Oil prices – which have plummeted more than 40 percent since June – could deal a blow to the Vietnamese economy in 2015, an official said Sunday.
Given the fact that crude oil exports account for about a tenth of Vietnam’s state budget, Bui Quang Vinh, the minister of investment and planning, told Saigon Times Online that each U.S. dollar drop in the price per barrel would mean a concurrent drop of between roughly $46 to $56 million in the budget. Thus far, Vinh says he predicts that falling world prices would slash the budget by around $3 billion. The reductions would heighten fears among observers about Vietnam’s weak public finances.
Despite these concerns, officials and experts say the impact on the state budget may also be offset in 2015 by other positive effects on economic growth for Vietnam, which exports around 16 million tons of crude oil but also imports 10 million tons of petroleum products annually. Reduced spending on imported petroleum products may mean lower inflation in 2015. Falling oil prices could also potentially boost consumer spending and help businesses trim costs, which may in turn stimulate local consumption and production. More generally, Vietnamese officials have emphasized that the country is now much less reliant on oil exports for revenues than it was before, with the current 10 percent a far cry from the previous 20-25 percent rate.Enjoying this article? Click here to subscribe for full access. Just $5 a month.
All in all, Glen B. Maguire, ANZ bank’s chief economist for the Asia-Pacific, said the oil price would have negligible impact on GDP growth in Vietnam in 2015 relative to other economic factors. Maguire said he expects that even if the oil price declines by 10 percent for four successive quarters, Vietnam’s GDP will only lose 0.1 percent while inflation would be cut by 2.6 to 2.7 percent.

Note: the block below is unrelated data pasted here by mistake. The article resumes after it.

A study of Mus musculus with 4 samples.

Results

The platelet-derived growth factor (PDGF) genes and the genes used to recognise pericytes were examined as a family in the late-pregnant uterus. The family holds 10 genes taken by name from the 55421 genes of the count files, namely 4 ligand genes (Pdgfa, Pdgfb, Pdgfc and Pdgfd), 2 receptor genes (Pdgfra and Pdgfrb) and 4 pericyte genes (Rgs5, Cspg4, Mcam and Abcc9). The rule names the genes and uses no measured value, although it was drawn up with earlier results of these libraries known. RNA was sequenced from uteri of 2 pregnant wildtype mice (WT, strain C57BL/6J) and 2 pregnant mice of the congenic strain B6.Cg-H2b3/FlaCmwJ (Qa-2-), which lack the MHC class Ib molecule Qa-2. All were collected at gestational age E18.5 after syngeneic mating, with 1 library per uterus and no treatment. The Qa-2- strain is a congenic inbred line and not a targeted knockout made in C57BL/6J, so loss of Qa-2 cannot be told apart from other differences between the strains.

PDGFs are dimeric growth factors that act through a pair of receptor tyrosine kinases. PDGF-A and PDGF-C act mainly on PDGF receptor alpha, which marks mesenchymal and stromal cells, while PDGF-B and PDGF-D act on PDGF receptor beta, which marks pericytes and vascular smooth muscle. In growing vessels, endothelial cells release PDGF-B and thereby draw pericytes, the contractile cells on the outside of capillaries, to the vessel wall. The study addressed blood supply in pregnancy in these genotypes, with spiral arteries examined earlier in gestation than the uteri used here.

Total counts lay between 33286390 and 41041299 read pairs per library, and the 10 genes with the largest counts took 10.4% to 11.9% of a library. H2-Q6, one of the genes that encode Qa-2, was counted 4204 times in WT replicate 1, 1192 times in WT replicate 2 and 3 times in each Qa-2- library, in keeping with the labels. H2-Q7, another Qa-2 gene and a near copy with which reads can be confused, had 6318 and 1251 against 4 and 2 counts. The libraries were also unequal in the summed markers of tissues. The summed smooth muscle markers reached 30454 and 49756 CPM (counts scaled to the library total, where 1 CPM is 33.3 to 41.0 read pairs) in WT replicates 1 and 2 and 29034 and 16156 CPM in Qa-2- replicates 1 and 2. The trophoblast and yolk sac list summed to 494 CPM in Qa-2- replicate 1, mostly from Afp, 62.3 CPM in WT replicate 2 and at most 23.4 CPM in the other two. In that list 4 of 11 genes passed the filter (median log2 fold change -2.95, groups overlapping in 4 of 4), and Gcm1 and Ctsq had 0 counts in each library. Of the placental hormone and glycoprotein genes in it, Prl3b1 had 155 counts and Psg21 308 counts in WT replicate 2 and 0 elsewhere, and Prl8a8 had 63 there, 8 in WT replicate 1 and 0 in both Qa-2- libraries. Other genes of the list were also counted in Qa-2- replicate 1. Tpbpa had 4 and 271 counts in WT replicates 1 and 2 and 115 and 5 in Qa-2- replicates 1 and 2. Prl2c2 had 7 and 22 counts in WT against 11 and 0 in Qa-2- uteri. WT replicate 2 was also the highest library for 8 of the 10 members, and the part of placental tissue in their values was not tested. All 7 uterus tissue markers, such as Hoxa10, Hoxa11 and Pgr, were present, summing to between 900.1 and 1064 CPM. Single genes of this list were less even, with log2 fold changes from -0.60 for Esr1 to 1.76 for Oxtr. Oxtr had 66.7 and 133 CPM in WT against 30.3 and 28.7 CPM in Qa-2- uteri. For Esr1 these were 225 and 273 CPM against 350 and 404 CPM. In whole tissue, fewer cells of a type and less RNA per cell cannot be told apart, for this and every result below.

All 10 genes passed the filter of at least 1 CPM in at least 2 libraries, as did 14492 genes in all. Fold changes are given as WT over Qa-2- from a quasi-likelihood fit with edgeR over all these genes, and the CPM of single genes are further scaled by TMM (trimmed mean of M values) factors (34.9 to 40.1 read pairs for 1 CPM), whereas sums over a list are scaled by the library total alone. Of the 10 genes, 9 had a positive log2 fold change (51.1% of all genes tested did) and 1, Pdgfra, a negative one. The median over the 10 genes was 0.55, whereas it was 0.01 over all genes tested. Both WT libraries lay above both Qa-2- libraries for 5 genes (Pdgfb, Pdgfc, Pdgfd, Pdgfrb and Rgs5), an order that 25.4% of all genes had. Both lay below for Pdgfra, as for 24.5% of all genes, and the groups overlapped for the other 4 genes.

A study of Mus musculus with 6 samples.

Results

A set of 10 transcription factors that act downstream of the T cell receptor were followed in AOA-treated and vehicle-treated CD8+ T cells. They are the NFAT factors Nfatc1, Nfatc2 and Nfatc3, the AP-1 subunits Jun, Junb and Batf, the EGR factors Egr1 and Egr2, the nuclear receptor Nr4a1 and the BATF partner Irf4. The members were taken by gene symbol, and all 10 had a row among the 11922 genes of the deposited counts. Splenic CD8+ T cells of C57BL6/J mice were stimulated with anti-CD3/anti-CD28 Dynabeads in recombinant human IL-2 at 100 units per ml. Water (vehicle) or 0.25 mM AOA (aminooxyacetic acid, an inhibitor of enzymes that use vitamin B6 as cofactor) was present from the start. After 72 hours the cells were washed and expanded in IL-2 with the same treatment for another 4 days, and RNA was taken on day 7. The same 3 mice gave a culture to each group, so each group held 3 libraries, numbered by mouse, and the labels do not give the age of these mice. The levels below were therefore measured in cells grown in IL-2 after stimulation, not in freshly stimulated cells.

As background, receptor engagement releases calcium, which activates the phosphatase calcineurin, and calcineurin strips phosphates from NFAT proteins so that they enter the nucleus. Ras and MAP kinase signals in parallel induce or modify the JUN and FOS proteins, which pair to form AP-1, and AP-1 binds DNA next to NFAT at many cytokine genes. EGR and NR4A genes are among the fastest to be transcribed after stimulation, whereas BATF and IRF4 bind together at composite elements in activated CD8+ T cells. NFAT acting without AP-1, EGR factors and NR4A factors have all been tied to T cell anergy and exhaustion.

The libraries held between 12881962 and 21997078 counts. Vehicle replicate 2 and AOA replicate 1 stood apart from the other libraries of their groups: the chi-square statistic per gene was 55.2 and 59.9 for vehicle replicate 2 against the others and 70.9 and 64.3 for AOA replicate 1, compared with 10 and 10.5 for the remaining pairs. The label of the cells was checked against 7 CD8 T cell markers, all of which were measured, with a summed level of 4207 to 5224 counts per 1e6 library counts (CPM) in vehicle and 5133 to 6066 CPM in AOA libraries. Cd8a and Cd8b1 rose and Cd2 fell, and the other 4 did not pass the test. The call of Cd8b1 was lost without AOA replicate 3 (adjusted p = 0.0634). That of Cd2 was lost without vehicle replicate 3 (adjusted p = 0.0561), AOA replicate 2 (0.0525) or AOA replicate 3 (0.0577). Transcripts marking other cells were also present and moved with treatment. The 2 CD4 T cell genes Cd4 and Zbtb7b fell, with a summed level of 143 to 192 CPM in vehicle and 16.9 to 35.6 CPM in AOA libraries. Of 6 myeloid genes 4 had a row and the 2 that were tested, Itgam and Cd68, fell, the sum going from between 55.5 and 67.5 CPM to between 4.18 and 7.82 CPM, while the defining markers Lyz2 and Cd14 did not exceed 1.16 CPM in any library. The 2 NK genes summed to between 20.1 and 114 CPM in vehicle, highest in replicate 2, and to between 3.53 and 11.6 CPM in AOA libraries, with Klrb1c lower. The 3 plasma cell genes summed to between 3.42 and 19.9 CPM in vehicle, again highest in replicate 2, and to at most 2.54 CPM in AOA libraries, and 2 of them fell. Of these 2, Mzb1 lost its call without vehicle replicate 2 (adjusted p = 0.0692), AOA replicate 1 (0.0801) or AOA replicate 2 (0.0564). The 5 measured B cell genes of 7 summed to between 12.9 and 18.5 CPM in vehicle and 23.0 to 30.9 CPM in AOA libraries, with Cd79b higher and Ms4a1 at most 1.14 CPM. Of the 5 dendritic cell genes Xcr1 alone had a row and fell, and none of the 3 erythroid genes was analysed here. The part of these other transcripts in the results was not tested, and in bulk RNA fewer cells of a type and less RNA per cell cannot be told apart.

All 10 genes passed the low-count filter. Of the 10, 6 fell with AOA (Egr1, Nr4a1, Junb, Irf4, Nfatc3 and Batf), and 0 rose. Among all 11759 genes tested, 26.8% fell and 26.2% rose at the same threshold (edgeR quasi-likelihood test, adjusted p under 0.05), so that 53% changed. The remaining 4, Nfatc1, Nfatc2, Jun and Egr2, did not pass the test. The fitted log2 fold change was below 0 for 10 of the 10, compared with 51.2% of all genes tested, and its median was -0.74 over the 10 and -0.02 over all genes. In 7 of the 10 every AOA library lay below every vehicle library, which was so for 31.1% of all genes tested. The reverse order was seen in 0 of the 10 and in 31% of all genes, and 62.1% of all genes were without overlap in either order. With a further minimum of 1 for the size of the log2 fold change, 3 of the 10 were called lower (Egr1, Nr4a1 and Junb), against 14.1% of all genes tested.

Others have gone further still. The Asian Development Bank recently raised Vietnam’s projected GDP for 2015 from 5.7 percent to 5.8 percent, citing loosened credit conditions and improved domestic investment. Frontier Strategy Group predicts that Vietnam’s GDP growth in 2015 could rise from the current forecast of 5.9 percent to 8.5 percent, and that oil prices stabilizing at $50 in 2015 could in fact propel this rate to over 10 percent. FSG attributes this to significant improvements in consumer spending power and business margins.
The Vietnamese government could also take steps to help mitigate potentially negative economic effects. Already, earlier this month the Ministry of Finance raised tariff caps on petroleum products to help offset a state budget deficit. Other measures could be mulled, including selectively reducing drilling activities if prices fall further as it would reduce the profitability of some oil exploitation for companies like the national oil and gas giant PetroVietnam. This could prove trickier, however, as Vinh, the minister, said that a reduction of oil output by 30 percent would cause GDP to fall by between 0.8 to 1.2 percent in 2015.
The Vietnamese government has also already set up a special interagency team to both explore how fluctuating commodity prices would impact the economy going forward and devise solutions for managing the issue into 2015.